Trusts do not nullify all taxes.
Your parents or grandparents created a trust or trusts as part of their estate planning.
Maybe they wanted greater control in asset distribution.
Perhaps they simply desired to shield their wealth from estate taxes.
Whatever the reason, as part of their planning they used trusts to provide the trust beneficiaries with an inheritance.
You are one of these beneficiaries.
According to a recent Investopedia article titled “Do Trust Beneficiaries Pay Taxes?,” trusts may protect an estate from a hefty estate tax, but both the estate and beneficiaries may need to pay smaller-scale taxes.
The money in a irrevocable trust is divided into two categories.
The first is the principal funds.
These were placed into the account already having been taxed.
The second portion of the trust money is the accumulated interest.
This interest will be taxable by the IRS.
Who pays these taxes?
If the trust holds and does not distribute the interest income past the end of the year, then the trust will owe the tax.
If the trust distributes the interest income to the beneficiaries, then the beneficiaries will pay taxes.
If the distribution includes funds from the principal portion of the trust as well, then the trust will pay the income tax.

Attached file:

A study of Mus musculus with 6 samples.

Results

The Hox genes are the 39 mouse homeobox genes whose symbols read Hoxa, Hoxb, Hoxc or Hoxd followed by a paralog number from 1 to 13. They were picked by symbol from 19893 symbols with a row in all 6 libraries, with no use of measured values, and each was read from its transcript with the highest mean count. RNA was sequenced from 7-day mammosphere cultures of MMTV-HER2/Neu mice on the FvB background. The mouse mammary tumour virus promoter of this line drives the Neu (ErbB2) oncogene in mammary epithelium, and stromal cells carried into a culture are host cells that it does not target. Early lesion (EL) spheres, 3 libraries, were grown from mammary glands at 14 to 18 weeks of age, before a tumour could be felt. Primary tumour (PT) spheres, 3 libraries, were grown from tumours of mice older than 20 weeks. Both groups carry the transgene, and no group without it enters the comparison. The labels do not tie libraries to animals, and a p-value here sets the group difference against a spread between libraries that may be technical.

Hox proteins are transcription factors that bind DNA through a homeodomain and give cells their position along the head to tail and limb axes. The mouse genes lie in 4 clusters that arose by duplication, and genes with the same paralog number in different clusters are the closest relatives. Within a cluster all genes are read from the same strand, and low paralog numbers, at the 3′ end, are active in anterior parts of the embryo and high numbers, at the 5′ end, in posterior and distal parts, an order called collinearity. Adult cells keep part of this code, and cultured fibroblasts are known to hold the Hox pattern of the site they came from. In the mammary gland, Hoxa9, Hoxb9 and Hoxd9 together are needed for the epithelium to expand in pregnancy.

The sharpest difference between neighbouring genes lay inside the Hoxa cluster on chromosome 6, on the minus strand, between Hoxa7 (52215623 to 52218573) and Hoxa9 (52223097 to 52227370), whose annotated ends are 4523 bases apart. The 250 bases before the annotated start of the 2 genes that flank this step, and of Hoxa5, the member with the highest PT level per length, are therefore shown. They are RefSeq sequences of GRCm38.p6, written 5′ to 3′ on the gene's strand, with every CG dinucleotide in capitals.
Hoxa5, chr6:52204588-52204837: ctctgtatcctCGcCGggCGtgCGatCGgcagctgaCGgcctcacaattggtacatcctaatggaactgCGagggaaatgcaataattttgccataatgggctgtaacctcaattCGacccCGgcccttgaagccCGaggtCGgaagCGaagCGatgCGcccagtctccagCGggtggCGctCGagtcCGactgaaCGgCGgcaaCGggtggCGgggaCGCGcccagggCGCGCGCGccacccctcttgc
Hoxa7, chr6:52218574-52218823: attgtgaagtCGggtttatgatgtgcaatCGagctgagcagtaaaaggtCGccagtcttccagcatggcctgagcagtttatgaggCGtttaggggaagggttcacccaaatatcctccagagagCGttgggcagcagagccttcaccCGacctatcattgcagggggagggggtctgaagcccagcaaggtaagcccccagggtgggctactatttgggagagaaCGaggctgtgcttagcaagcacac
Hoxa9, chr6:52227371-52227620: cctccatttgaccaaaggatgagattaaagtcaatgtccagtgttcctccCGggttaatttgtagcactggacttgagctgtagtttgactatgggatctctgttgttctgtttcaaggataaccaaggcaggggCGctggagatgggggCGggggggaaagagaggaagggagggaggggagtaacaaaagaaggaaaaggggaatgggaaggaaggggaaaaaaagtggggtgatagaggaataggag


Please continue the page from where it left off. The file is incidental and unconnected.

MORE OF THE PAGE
Trusts require two tax forms.
The first is IRS Form 1041.
This is similar in function to IRS Form 1040.
What does it do?
It covers the trust deducting distributed interest to beneficiaries from its own taxable income.
The second form is the K-1.
The K-1 is issued by the trust to identify the amount of the distribution from interest and principal.
The trustee generates this form and provides it to the IRS.
The trustee also will deliver it to the beneficiary, so the beneficiary will know how much to include in her personal income taxes for the year.
Trusts involve more complex estate planning and require understanding a different dimension of tax law.
Working with an qualified financial planner, CPA, and experienced estate planning attorney will help you understand how the tax law applies to you and stay in compliance with the good folks at the IRS.
Reference: Investopedia (July 15, 2019) “Do Trust Beneficiaries Pay Taxes?”